There has been lots of fingerpointing about the digital technology problems behind Healthcare.gov. If I had to net it out, I'd say that government leaders blamed it on technology contractors and the technology contractors blamed it on each other. And everybody acted surprised that this could happen.
But seriously people, Healthcare.gov was doomed to fail at launch:
- No Web site ever worked perfectly on the first day! There are always glitches. It's always true with complex technology. Nasa didn't shoot a rocket to the moon first. It tested a monkey in space and went through a decade of learning before Neil Armstrong set foot on the moon.
- It's impossible to test a Web site with 250,000 users before launching. The only practical way to have launched Healthcare.gov would have been to do it a little bit a time, perhaps starting with a few counties in 5 or 6 states. This is what Amazon and Facebook and Google and Twitter do.
These aren't themselves the real failure. The real failure stemmed from leaders setting an expectation that Healthcare.gov could launch nationally and successfully on a single day. That was never possible.
But failure happens when business or government leaders abdicate responsibility for technology in their organizations. And failure happens when technology leaders are unable or unwilling to clearly communicate the challenges of using technology to launch a product or service.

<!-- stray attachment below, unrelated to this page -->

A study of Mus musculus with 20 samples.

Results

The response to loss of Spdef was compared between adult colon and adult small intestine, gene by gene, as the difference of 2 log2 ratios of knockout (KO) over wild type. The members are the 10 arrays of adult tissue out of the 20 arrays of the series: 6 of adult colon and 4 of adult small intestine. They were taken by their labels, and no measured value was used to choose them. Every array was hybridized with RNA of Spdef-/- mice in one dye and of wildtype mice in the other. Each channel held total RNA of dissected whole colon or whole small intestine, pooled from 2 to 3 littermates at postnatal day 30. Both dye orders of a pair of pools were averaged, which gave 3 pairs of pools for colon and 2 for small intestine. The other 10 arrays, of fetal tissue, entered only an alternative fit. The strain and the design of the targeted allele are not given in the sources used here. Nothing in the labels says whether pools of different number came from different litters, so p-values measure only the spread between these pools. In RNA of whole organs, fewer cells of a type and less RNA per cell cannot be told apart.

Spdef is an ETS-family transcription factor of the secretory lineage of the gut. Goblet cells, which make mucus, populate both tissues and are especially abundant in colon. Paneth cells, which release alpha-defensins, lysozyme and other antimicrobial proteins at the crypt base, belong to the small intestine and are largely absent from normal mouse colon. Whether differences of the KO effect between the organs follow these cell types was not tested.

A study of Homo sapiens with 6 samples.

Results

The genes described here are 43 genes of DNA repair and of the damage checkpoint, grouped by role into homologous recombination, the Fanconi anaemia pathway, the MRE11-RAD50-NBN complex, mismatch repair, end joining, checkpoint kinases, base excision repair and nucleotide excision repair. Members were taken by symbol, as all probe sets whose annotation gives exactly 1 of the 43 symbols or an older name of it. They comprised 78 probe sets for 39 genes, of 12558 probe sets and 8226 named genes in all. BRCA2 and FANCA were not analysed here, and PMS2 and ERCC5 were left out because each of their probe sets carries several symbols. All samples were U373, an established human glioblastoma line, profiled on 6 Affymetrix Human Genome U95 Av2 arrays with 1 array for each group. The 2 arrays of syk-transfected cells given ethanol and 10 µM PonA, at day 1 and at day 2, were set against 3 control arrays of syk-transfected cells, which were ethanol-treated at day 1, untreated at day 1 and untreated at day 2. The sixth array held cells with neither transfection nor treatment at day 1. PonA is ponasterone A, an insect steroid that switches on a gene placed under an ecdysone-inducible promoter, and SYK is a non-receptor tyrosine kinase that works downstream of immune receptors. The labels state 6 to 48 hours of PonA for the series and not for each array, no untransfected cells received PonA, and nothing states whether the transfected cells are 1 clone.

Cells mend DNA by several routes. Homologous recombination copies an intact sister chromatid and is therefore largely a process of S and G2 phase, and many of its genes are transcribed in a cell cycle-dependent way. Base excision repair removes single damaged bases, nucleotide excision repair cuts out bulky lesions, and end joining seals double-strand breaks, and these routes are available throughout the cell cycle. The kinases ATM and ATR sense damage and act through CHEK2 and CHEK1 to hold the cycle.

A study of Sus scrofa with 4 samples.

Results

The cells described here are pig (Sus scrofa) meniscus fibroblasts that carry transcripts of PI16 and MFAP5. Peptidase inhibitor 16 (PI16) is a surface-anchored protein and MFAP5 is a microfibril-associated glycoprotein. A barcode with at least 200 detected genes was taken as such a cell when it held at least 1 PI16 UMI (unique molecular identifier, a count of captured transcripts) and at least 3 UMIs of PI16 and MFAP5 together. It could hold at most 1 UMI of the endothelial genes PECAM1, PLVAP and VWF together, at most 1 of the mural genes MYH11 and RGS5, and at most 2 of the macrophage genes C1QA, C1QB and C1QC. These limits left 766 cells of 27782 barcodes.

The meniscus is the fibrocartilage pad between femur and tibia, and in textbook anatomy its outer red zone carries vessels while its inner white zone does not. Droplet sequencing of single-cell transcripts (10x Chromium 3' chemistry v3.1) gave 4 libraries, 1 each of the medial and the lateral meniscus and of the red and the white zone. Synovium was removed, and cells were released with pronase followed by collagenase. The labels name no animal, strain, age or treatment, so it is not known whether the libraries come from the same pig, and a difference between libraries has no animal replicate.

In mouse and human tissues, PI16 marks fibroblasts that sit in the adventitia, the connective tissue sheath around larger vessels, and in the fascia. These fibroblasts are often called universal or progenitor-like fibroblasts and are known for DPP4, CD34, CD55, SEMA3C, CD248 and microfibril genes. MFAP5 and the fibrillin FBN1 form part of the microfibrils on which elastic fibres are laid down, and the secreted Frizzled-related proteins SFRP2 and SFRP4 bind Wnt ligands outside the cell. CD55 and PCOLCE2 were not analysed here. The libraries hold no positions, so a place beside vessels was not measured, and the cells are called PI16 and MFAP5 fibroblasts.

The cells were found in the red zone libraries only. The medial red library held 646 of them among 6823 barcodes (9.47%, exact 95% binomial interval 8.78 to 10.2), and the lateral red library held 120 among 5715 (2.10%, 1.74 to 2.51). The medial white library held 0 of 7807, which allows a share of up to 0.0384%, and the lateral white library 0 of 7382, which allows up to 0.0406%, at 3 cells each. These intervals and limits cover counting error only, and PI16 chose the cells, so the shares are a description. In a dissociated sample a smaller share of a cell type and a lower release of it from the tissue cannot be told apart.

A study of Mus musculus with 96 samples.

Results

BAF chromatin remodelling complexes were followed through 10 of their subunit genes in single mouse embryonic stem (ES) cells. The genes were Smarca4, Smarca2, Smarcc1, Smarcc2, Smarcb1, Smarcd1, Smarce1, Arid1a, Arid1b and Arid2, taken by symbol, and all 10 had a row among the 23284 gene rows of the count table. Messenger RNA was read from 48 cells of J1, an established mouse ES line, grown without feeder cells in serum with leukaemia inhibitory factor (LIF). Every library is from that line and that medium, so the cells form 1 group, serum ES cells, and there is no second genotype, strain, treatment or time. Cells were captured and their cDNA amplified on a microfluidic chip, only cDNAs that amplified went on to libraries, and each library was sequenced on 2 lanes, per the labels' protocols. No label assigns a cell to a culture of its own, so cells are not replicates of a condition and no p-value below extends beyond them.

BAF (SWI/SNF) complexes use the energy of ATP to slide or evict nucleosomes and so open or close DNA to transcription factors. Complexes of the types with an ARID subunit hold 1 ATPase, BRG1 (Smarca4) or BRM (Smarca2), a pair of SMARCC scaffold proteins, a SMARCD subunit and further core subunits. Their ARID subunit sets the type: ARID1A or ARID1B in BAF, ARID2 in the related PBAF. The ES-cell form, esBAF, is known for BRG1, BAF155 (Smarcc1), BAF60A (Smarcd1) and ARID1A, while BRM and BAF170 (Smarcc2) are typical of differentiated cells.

Any major Web site executive — Jeff Bezos at Amazon, Mark Zuckerberg at Facebook, Eric Schmidt at Google, or Dick Costolo at Twitter, for example — could have helped Health and Human Secretary Kathleen Sebelius understand just how involved they are in technology strategy and decisions. These companies operate differently: Their business managers and technology managers work side-by-side often in the same cubicle farm to make smart and pragmatic business decisions supported by smart and pragmatic technology decisions. They have learned the hard way how important this is by experiencing failures along the way.
Digital technology is critically important to business and to government. Technology is embedded ever-more deeply into the way we live, work, and conduct business and government. No product or service is launched, sold, or serviced without digital technology. People often view the technology as the product itself. Amazon.com is its Web site. Facebook is its technology. In this case, witness just how strongly the media has connected Healthcare.gov, the Web site, with the national law it serves.
So what does this mean? It means that no longer can a CEO or government leader abdicate responsibility for technology. They must own it just as they own labor practices, revenue growth, compliance with the law, and expense management. And it means no technology leader can abdicate responsibility for the business. They must own it as they own Web site functionality, user experience, or systems capacity.
Let Healthcare.gov be a demarcation in history: that from this day forward no leader will abdicate responsibility for technology and for business. Instead, decide that as a business or government leader you will take responsibility for the technology. And decide that as a technology leader you will take responsibility for the business.
So next time, business or government leader, if you don't feel smart about the technology decisions you must make then bring in a lieutenant who is smart about technology. And listen to them carefully.
And next time, technology leader, don't let your business leader's eyes glaze over when you point out the obvious: That no Web site ever ran perfectly on the first day.